Lizelle Herrera’s abortion story could become a common one across Texas
The 26-year-old charged with murder on accusations of having a “self-induced abortion” will no longer face consequences, but her story is foreboding.
Her attorney told Buzzfeed News that she was indicted for “intentionally and knowingly [causing] the death of an individual by self-induced abortion.” She was placed under a $500,000 bond in a jail in Rio Grande City.
Details about what happened, including whether Herrera herself had been pregnant, were not immediately clear.
The Starr County Sheriff’s Office also did not initially state which law that Herrera was arrested for. Texas had banned abortion after six weeks, but penalties are focused on abortion providers, not pregnant people themselves.
After Herrera’s arrest was first publicized, abortion rights advocates quickly began fundraising to help her with legal costs, and she was released from jail on Saturday, April 9.
Update: The district attorney’s office in the Texas county where Lizelle Herrera was arrested on murder charges after what authorities said was a “self-induced self abortion." said on Sunday it would dismiss the case against her https://t.co/YLr3kIhzN7 #LizelleHerrera— Mona Eltahawy (@monaeltahawy) April 10, 2022
"We want people to know that this type of legislation impacts low-income people of color communities the most when state legislators put restrictions on our reproductive rights," Rockie Gonzalez, founder of Frontera Fund, told Texas Public Radio.
In a sudden turn of events, Starr County District Attorney Gocha Ramirez announced in a press release on Sunday, April 10, that his office is dismissing the charges against Herrera.
“The issues surrounding this matter are clearly contentious, however based on Texas law and the facts presented, it is not a criminal matter,” Ramirez said in a statement.
Despite the grand jury indictment, the facts of the case did not allow Ramirez to prosecute.
BREAKING: The District Attorney who charged #LizelleHerrera with murder for a "self-induced abortion" is dropping the charges.— Eleanor Klibanoff (@eklib) April 10, 2022
"The issues surrounding this matter are clearly contentious, however based on Texas law and the facts presented, it is not a criminal matter." pic.twitter.com/0ICPy8QHJP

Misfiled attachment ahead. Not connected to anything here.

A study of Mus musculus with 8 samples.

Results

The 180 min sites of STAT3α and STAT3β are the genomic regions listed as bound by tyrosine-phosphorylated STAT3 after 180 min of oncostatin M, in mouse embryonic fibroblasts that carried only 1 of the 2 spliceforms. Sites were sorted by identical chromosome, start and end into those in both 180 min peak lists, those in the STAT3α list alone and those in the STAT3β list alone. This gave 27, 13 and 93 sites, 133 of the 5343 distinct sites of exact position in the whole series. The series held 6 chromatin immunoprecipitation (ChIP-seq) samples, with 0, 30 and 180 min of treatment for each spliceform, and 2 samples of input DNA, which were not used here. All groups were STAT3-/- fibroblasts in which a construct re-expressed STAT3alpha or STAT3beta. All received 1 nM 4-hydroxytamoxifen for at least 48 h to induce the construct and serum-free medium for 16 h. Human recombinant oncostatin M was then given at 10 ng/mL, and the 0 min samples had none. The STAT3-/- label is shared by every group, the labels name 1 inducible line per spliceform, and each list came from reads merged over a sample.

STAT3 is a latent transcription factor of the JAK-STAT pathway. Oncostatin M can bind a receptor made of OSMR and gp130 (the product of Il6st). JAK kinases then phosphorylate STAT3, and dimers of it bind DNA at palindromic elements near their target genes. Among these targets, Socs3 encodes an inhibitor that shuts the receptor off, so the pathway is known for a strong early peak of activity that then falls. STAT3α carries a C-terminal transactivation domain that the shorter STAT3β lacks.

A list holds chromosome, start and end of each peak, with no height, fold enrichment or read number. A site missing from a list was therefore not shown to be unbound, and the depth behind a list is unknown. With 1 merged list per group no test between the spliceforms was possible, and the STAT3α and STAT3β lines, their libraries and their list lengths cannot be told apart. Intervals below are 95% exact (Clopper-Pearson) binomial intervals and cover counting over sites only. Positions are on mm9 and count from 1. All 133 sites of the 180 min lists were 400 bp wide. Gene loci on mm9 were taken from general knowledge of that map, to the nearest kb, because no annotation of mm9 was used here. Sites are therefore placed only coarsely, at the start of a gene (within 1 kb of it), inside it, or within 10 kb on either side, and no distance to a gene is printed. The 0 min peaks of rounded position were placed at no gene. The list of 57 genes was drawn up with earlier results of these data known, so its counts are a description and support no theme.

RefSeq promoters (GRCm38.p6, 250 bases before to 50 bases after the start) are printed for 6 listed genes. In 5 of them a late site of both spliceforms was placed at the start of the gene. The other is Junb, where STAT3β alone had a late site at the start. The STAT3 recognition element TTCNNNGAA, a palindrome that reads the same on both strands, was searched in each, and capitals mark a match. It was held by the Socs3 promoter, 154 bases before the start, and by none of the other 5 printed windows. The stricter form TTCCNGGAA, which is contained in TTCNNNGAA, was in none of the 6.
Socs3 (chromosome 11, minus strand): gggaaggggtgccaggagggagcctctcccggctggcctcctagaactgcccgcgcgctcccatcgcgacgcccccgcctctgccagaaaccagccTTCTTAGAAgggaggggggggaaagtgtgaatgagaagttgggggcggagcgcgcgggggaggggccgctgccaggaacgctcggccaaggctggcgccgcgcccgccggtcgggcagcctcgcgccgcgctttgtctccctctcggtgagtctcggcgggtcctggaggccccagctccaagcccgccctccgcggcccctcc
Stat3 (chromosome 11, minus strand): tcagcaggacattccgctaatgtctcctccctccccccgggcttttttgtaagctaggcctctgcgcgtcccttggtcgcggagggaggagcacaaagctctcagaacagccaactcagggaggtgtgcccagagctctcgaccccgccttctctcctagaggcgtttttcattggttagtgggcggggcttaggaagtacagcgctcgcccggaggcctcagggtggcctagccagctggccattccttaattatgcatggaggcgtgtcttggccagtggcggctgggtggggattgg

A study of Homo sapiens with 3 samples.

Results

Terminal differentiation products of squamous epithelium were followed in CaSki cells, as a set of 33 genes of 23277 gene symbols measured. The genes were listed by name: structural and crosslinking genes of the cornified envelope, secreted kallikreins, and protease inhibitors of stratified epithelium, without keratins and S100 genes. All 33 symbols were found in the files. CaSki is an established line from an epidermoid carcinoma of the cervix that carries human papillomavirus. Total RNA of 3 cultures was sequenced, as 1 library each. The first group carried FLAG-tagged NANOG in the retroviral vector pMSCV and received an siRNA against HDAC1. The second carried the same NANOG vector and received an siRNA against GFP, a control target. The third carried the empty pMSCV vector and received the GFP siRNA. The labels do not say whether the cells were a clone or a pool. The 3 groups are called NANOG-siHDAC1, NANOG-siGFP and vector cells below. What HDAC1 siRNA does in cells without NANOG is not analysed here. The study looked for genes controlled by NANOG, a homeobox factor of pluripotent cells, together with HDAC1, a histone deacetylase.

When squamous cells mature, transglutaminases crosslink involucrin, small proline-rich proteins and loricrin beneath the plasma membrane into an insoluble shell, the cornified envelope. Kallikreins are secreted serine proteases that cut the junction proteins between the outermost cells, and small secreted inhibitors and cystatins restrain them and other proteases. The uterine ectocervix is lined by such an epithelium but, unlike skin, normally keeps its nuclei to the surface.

It was still unknown on Sunday whether Herrera was accused of inducing an abortion on herself or if she helped someone else get one. Texas has one of the most restrictive abortion laws in the nation.
University of Texas law professor Stephen Vladeck told The Associated Press that Texas law exempted her from a criminal homicide charge for aborting her own pregnancy.
"(Homicide) doesn't apply to the murder of an unborn child if the conduct charged is conduct committed by the mother of the unborn child,'" Vladeck said.
The 2021 Texas law that bans abortions after six weeks of pregnancy has sharply reduced the number of abortions in the state. It also allows private citizens to sue doctors or anyone who aids a woman in getting an abortion.
The woman receiving the abortion is exempted from the law.
"Although with this dismissal Ms. Herrera will not face prosecution for this incident, it is clear to me that the events leading up to this indictment have taken a toll on Ms. Herrera and her family," Ramirez said.
Rio Grande Valley and national reproductive rights advocates said she should never have been arrested in the first place.
Nancy Cárdenas Peña, Texas state director for policy and advocacy for the National Latina Institute for Reproductive Justice, said that abortion should be available on the woman’s own terms where she feels most comfortable.
“Allowing criminal law to be used against people who have ended their own pregnancies serves no reasonable state purpose, but may cause great harm to young people, people with lower incomes, and communities of color, who are most likely to encounter or be reported to law enforcement,” Peña said in a statement.
While this is a victory, it is bittersweet, and many advocates believe that Herrera will not be the last Texas woman of color victimized in this manner. Many advocates are unsatisfied with the way this case was handled, and are demanding more justice for Herrera.
“We still need answers from the Starr County DA because he took that case to a grand jury. We need to know how, or why he was under the (WRONG) impression that a crime was committed,” Mary Drummer, Network Director at All* Above All, wrote on Twitter.